Joseph Walker: Focus on reason for giving rather than new and shiny gifts
It isn't that I don't like jewelry. Rather, it appears that jewelry doesn't like me.
I don't know what it is, but for some reason, jewelry and I do not get along. I accidentally destroyed the first watch that I owned — an ugly incident with a lathe in eighth grade metal shop. A few years later I bought a high school class ring, but within a month it was sleeping with the fishes after I forgot to take it off while water skiing. The beautiful silver wedding ring my wife, Anita, gave me as a symbol of our eternal love lasted two months until it slipped off my finger — OK, I was playing with it — during church and rolled under the pews and slipped down a heating duct and was never seen again.
For most of my life, I have chosen not to tempt fate, and I have lived jewelry-free. But during our recent wedding anniversary cruise, I became frustrated at not knowing the time. There were no clocks anywhere on the ship — not even an alarm clock in our stateroom. So during one of our shopping expeditions, I went looking for a watch. I wasn't looking for something to make a statement about me or to make me look chic. I just needed to know what time it is.
Anita found a handsome-but-expensive watch that came with a nice pen and a wallet.
"I have lots of pens," I said, "and there is no cash to put in a wallet. I only need a watch."
'What sort of watch do you need?" asked the woman at the shop that sells, among other things, watches.
"I need the kind of watch that, you know, tells time," I said.
Undaunted, she showed me watches that also doubled as calendars, appointment books, portable meteorological stations and intercontinental ballistic missile launching platforms.
"Seriously," I told her. "I just want a watch that tells time."
By now the clerk was bored with me. She pointed toward a corner of the shop where a hand-lettered sign said, "Everything $10."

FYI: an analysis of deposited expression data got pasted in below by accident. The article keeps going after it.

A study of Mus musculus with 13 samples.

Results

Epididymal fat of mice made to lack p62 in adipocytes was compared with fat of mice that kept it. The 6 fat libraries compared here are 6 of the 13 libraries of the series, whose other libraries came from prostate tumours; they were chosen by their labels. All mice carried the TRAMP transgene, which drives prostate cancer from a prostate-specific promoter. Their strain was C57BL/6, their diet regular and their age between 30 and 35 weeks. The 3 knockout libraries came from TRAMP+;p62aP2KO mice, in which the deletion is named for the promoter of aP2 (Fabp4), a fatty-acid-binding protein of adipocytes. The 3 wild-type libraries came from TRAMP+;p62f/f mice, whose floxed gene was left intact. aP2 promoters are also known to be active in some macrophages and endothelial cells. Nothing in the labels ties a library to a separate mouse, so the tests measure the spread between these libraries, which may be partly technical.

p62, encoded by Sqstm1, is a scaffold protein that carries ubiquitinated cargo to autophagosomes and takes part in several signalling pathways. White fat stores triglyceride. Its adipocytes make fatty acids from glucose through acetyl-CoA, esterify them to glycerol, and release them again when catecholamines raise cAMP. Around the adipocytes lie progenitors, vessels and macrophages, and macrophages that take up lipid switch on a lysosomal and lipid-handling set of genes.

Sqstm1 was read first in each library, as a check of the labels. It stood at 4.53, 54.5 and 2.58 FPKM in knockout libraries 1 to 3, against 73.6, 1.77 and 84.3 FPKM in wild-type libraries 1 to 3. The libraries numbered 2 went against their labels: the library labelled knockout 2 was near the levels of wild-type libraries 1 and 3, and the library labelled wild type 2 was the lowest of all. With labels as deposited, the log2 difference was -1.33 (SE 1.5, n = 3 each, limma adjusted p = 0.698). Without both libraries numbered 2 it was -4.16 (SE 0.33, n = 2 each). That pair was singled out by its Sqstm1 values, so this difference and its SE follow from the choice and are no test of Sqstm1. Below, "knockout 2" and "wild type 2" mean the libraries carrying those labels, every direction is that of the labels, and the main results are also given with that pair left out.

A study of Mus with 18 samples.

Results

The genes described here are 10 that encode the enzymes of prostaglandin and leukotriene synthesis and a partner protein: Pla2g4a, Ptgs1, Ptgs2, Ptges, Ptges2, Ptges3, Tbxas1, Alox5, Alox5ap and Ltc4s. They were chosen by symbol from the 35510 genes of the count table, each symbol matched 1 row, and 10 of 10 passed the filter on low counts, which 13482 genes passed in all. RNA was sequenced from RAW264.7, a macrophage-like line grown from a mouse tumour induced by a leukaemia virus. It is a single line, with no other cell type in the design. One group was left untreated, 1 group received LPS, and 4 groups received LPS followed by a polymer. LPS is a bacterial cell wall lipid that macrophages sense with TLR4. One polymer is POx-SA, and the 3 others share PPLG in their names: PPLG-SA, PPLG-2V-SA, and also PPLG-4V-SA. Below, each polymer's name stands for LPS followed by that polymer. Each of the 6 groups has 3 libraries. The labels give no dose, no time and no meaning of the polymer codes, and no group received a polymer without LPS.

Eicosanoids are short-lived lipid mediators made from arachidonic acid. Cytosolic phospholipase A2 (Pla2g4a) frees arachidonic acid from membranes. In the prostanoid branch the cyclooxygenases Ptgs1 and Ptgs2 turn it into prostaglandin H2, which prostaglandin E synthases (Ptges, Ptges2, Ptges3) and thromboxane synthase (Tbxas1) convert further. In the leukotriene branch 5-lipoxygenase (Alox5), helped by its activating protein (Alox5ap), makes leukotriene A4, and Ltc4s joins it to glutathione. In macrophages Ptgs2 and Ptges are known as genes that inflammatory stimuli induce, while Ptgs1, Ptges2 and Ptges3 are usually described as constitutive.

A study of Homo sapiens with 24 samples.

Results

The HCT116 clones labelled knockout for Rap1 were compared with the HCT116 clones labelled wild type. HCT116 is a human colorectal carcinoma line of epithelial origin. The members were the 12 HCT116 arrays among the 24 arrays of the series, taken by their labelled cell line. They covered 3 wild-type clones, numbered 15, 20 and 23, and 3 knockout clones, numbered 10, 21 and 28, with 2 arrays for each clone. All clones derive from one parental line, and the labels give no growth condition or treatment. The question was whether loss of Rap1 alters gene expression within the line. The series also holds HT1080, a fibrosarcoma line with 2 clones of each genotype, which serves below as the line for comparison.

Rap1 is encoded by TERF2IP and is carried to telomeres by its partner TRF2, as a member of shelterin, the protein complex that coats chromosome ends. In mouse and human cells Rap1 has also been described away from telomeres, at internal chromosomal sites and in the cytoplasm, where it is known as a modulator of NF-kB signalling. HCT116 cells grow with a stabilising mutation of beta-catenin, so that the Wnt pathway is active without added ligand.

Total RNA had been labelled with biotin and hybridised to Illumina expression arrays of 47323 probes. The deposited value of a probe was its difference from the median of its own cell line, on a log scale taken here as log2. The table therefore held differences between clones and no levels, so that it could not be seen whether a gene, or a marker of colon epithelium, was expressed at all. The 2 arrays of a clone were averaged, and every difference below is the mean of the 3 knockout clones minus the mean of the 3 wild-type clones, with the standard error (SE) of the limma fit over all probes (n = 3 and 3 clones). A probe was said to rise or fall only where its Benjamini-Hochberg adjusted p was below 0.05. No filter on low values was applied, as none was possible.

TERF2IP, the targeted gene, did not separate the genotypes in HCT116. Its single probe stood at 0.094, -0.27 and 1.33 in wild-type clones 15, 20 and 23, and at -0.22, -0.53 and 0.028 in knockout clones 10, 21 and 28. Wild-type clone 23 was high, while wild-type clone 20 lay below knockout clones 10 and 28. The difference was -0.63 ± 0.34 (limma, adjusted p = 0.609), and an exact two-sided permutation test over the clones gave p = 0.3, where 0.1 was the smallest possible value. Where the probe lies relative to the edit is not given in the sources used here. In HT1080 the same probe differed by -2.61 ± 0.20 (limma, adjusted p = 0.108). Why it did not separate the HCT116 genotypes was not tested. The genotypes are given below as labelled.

"I think there are watches over there that tell time," she said as she turned her attention to a customer who was looking for jewelry that required a doctorate from MIT to operate it.
I was thrilled at the prospect of a $10 watch. I wasn't expecting much — just something that kept reasonably good time — so I was pleased to find a nice-looking silver watch with a silver link band, a big hand, a little hand and a sweeping second hand. It also had three cool dials inside the face of the watch — I assumed they were for date, month and year — as well as three stems with which I assumed you set the dials and the watch to their proper settings. It didn't come with an instruction book, but the clerk assured me it was all very self-explanatory.
Which, it turned out, was absolutely correct.
When I got the watch back to our stateroom and started fiddling with it, I discovered that those cool dials are just painted on — they don't actually move or anything. Two of the three stems are simply decorative as well. And the silver band has a tendency to pinch my wrist.
But that's OK. I just want to know what time it is, and the watch does a good job of letting me know that — as long as you don't mind that it only has the numbers 1-7 on the face of the watch. From 8 o'clock on, you're sort of on your own.
Not that I'm complaining. I got what I paid for: a watch that is worth $10. Maybe.